Do not let any unwholesome talk come out of your mouths, but only what is helpful for building others up according to their needs, that it may benefit those who listen. –Ephesians 4:29

Nor should there be obscenity, foolish talk or coarse joking, which are out of place, but rather thanksgiving. –Ephesians 5:4

Good manners: The noise you don’t make when you’re eating soup. –Bennett Cerf

I am a stickler for good manners, and I believe that treating other people well is a lost art. In the workplace, at the dinner table, and walking down the street–we are confronted with choices on how to treat people nearly every waking moment. Over time these choices define who we are and whether we have a lot of friends and allies or none. –Tim Gunn


Dear Munchkins,

My Mom passed away 44 years ago when I was in my mid-twenties. She would have been nuts about her grandkids (your mom) and head-over-heels nuts about you great-grandkids had she been able to get to know you.

My Mom raised her four sons to practice good manners, no easy task given that we were typical boys who were a tad rough around the edges.

While I didn’t appreciate it at the time, I’m very thankful my Mom cared about us turning out right in this particular way. I think she understood that if you are going to send your children out into the world properly, you need to make sure they are well-versed in good manners.

For my Mom, good manners meant the following:

  • You say “Yes, sir” and “No, mam” not “yea” or ‘nah.”
  • You say “Excuse me” and “I’m sorry, would you mind saying that again?” not “What!” or “Huh.”
  • You say “Please” when you want something.
  • You say “Thank you” when you get what you want.
  • At the dinner table, you chew with your mouth closed, pull up to the table, keep your elbows off the table, let others be served first, don’t reach across the table for food (ask someone to hand it to you), don’t talk with your mouth full, never slurp, use a napkin, don’t rush to eat and leave the table, participate in dinner conversation, have proper dinner conversation (you don’t talk about gross stuff), and use utensils rather than your fingers.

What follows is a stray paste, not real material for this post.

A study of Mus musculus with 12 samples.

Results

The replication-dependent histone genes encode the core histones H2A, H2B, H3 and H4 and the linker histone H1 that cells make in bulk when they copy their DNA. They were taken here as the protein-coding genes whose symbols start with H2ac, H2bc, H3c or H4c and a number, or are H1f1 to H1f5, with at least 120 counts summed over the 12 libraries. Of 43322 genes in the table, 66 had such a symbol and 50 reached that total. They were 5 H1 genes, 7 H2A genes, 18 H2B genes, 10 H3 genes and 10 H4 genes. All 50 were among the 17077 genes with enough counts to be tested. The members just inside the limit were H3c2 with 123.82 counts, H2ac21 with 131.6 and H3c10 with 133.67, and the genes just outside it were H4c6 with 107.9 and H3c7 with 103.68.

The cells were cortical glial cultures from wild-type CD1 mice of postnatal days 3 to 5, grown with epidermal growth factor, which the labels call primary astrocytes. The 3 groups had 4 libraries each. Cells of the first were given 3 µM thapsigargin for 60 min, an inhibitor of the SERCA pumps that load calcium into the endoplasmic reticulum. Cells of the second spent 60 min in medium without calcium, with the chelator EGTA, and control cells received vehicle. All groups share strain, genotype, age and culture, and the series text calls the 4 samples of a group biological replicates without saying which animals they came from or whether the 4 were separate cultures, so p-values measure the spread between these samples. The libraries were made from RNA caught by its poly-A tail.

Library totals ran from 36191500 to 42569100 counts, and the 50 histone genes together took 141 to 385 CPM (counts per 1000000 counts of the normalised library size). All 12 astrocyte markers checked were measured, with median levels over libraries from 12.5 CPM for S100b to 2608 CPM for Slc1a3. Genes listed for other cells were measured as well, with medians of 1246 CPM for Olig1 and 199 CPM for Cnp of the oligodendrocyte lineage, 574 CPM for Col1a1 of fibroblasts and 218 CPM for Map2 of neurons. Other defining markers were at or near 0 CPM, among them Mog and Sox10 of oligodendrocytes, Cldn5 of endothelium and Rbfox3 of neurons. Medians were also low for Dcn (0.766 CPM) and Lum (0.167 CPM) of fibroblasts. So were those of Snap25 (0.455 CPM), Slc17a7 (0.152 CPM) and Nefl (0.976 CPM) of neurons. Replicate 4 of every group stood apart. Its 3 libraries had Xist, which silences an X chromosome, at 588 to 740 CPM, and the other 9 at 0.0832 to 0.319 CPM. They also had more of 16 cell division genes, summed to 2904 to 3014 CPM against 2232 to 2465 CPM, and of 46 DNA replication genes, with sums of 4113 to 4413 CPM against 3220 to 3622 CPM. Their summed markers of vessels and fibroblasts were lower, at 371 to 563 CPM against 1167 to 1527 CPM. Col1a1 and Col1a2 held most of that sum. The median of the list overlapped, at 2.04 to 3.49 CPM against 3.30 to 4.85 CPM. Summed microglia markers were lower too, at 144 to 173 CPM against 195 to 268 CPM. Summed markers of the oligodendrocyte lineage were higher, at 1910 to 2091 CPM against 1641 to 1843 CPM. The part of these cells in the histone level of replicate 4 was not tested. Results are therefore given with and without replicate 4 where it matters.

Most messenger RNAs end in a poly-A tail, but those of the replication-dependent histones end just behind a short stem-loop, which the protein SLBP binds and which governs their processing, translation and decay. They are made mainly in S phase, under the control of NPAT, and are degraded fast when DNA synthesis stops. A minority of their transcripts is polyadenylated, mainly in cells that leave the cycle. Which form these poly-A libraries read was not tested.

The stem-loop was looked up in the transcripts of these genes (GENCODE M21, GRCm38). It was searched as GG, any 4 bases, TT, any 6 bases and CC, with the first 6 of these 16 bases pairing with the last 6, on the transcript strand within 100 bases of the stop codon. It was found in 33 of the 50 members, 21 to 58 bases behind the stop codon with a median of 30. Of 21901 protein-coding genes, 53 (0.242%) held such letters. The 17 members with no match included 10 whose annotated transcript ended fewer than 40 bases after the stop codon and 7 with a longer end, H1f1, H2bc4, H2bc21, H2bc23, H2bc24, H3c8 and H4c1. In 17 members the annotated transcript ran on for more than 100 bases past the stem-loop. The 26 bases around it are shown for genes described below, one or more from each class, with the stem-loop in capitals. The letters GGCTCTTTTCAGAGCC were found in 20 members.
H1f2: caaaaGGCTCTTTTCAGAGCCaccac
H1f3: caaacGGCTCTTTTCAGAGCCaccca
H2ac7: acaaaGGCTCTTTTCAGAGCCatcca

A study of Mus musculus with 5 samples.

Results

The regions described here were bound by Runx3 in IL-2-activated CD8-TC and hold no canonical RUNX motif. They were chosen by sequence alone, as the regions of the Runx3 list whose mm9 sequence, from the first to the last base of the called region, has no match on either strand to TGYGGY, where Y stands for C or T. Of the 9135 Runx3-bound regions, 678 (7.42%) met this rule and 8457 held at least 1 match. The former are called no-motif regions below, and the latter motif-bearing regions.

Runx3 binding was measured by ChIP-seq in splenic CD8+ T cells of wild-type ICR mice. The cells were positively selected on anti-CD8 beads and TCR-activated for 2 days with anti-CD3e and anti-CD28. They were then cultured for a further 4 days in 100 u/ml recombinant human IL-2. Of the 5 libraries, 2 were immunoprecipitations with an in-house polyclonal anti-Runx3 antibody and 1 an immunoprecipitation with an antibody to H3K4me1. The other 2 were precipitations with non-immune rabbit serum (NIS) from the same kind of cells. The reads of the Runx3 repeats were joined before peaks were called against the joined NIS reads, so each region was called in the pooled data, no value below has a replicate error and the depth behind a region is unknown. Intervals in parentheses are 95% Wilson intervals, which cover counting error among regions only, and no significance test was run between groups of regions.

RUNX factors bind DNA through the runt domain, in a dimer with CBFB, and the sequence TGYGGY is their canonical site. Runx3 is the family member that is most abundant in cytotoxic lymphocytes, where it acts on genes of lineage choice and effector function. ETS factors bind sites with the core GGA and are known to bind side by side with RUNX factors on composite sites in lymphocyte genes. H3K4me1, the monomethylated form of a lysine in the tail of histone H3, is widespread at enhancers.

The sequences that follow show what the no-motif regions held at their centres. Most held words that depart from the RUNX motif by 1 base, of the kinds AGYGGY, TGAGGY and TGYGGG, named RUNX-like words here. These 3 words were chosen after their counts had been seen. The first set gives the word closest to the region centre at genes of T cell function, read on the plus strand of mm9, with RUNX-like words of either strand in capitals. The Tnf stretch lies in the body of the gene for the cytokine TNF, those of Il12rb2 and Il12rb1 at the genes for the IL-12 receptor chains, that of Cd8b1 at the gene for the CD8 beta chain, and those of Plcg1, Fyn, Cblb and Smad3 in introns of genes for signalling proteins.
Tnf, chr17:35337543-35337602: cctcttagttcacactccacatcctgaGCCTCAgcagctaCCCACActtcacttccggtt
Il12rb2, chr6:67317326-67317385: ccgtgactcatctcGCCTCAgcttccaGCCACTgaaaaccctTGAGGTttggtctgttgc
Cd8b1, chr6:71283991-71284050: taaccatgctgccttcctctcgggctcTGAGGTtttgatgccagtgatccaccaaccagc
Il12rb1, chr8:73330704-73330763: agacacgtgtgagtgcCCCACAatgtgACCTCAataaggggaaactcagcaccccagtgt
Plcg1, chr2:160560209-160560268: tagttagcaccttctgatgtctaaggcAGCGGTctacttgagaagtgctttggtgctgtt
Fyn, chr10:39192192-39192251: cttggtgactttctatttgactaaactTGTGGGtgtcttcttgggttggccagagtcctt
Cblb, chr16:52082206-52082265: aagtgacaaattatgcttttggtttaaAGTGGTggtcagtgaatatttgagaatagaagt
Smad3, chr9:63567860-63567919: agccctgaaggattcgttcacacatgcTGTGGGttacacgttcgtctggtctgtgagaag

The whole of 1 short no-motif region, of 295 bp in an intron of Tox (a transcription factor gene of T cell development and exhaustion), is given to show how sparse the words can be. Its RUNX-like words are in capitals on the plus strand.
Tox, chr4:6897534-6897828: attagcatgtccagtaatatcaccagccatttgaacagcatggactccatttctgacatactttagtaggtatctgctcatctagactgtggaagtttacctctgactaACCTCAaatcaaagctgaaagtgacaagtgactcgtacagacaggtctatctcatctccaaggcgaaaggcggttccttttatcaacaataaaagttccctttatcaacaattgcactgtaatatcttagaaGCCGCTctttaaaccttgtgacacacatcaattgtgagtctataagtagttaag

• When talking to others, you avoid talking too loudly, interrupting people, and dominating conversations.
  • You never use foul language, something Pop does on occasion even though he knows better.
  • You never burp or pass gas in public, something you munchkins seem to find great delight in.
  • You say “excuse me” when you need someone to move out of the way, not “move it or lose it” like some people are prone to say.
  • You hold the door open for others.
  • You arrive on time out of respect for the fact that other people’s time is as valuable as yours.
  • You pay attention to good hygiene—no one likes bad breath or body odor.
  • You offer your seat to those who are elderly, disabled, or physically compromised.
  • You don’t chew gum in formal settings (if I had my way, all gum-chewing would be forbidden).
  • In movie theaters, you never talk during the film, put your feet on the chair in front of you, overreact to what’s happening on the screen, or be irritating in any way.
  • You don’t gossip about others (either tell them to their face or keep it to yourself).
  • You don’t touch or take things that belong to someone else without their permission.
  • You clean up after yourself.
  • You don’t invite yourself over to someone’s house or presume to stay very long unless they want you to.
  • You stand up when adults enter the room and look them in the eye.
  • You shake hands (firmly) when meeting someone for the first time.
  • You smile at people rather than frown.
  • You don’t tell people what you dislike, you tell them what you like.
  • You don’t comment on how other people look unless you’re paying them a compliment.
  • You knock on closed doors and wait for a response (unless you want to shock yourself and those inside the room you’re trying to enter).
  • You don’t call people mean names or make fun of them.
  • You cover your mouth and nose when you cough or sneeze and you never pick your nose (unless you want your head to cave in—get it, your head is full of buggers).
  • You don’t grumble when someone asks you to do a favor.
  • You return things you borrow.
  • You always hug and kiss your grandparents when they arrive and when they leave (that wasn’t from my Mom, it was from me).

Munchkins, I could go on (as if I haven’t gone on too much already!). I think you get the point—good manners are important and serve as your international passport to better relationships with others.

Whether your peers, parents, or grandparents practice good manners or not, make sure you do—you’ll never regret it.